NEW YORK: US Treasury yields dropped on Monday but remained higher than their late Friday levels, boosted by increased confidence that the US Congress would enact tax cut legislation after the Senate passed a bill early Saturday.
The increased expectation for the tax cut pushed yields on benchmark US 10-year Treasury notes to 2.42 percent overnight in Asian trading.
However, much of that rise was retraced in morning US trading as investors remained concerned over Michael Flynn, former national security adviser to US President Donald Trump and Special Counsel Robert Mueller's investigation, analysts said.
On Friday, Flynn pleaded guilty to lying to Federal Bureau of Investigation agents, and said he was cooperating with Mueller's probe of Trump's 2016 presidential campaign and Russia.
Analysts also said bond market traders remain skeptical of the impact the tax legislation will have on US growth.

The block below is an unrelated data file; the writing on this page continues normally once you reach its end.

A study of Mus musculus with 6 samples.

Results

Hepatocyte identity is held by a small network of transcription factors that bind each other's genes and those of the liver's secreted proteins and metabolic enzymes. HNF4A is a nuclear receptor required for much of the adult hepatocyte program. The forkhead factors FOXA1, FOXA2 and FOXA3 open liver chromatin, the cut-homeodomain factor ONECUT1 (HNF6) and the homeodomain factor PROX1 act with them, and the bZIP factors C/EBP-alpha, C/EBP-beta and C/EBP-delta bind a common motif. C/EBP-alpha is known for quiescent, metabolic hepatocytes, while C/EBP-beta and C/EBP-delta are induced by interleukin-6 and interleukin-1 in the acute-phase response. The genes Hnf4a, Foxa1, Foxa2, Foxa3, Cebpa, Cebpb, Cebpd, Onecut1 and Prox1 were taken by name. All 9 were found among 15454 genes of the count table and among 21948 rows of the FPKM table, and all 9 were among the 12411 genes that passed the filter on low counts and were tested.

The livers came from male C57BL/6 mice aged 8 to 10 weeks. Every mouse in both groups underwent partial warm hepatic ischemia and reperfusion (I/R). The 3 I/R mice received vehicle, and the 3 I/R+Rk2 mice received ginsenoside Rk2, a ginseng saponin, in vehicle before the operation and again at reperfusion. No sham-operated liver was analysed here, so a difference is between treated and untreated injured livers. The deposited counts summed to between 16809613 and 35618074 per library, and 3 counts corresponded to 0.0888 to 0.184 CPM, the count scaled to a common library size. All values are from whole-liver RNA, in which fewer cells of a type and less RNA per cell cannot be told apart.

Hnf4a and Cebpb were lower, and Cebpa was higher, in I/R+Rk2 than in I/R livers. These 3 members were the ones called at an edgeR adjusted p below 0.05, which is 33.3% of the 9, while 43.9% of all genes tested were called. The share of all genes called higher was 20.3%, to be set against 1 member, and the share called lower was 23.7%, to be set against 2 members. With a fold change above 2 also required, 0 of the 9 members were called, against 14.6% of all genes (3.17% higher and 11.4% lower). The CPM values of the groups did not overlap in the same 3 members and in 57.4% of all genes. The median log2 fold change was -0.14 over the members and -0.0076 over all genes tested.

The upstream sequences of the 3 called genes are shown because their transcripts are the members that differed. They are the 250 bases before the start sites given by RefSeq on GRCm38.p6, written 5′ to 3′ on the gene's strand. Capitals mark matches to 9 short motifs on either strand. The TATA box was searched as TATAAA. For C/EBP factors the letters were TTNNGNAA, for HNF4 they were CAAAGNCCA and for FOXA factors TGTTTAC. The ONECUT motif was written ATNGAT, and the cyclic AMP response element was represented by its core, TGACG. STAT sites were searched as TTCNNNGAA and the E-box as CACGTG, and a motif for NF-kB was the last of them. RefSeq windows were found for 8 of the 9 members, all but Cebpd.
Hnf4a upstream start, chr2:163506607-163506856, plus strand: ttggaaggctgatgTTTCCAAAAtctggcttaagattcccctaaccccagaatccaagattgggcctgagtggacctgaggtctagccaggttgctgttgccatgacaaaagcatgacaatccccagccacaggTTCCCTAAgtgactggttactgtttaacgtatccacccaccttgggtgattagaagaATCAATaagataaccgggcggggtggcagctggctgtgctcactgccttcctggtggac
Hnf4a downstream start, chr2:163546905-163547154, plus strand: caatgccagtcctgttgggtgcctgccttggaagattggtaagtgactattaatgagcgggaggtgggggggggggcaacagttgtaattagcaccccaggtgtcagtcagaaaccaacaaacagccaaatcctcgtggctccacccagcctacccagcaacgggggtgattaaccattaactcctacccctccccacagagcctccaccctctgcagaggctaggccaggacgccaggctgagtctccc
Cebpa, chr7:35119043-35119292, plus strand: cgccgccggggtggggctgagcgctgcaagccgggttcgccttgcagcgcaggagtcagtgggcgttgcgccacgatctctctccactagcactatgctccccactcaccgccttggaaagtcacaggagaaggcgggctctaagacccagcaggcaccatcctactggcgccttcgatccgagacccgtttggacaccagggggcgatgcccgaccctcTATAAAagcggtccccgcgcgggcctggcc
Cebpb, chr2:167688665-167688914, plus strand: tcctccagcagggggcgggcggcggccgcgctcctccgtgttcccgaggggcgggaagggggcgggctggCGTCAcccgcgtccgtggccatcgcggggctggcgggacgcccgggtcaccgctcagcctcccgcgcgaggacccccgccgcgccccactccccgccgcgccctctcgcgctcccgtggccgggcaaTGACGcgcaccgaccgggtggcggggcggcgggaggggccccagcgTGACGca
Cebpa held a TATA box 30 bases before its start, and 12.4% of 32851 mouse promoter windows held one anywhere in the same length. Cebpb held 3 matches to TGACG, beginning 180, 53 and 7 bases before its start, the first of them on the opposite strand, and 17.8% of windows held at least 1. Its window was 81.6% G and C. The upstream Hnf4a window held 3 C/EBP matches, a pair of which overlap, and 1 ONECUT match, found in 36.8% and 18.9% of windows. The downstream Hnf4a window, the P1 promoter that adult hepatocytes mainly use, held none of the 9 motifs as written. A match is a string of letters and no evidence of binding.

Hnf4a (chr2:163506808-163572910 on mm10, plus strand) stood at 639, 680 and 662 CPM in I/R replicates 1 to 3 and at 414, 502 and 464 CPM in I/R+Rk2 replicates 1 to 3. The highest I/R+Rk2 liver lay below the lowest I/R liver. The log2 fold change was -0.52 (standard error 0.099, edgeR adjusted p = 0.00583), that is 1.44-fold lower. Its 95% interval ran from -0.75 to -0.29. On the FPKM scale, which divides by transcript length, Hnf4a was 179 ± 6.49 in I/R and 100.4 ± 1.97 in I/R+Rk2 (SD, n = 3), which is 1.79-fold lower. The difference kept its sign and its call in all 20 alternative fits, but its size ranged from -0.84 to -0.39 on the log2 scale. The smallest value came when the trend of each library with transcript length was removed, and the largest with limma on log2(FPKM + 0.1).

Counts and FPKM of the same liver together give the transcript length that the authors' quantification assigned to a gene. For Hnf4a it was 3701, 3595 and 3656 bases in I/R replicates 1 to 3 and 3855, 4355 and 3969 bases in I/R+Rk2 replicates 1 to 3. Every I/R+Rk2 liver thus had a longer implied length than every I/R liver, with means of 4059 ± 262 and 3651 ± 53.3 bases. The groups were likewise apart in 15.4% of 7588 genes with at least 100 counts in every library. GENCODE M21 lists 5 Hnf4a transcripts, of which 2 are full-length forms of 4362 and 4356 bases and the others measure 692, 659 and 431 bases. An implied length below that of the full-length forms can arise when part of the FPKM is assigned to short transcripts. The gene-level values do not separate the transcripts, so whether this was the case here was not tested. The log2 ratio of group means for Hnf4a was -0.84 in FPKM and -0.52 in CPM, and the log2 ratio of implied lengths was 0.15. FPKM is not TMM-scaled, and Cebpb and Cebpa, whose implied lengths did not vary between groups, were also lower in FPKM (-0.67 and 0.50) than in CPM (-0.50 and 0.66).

"I think people in general are very optimistic; it's looking like it will get passed," said Societe Generale head of US rates strategy Subadra Rajappa.
"The question is what impact will it have on the economy. That's where there's less optimism. People aren't expecting much growth. It will be positive for stocks, but ... we're expecting only a very modest impact on (gross domestic product growth) next year."
The 10-year note was down 8/32 in price, yielding 2.394 percent, up 3 basis points from its Friday close but around 3 basis points lower than its Monday opening.
"The global equity market has performed well on the news and the risk-off sentiment has been the most significant driver in the Treasury market," said Ian Lyngen, interest rates strategist at BMO Capital Markets in a note to clients.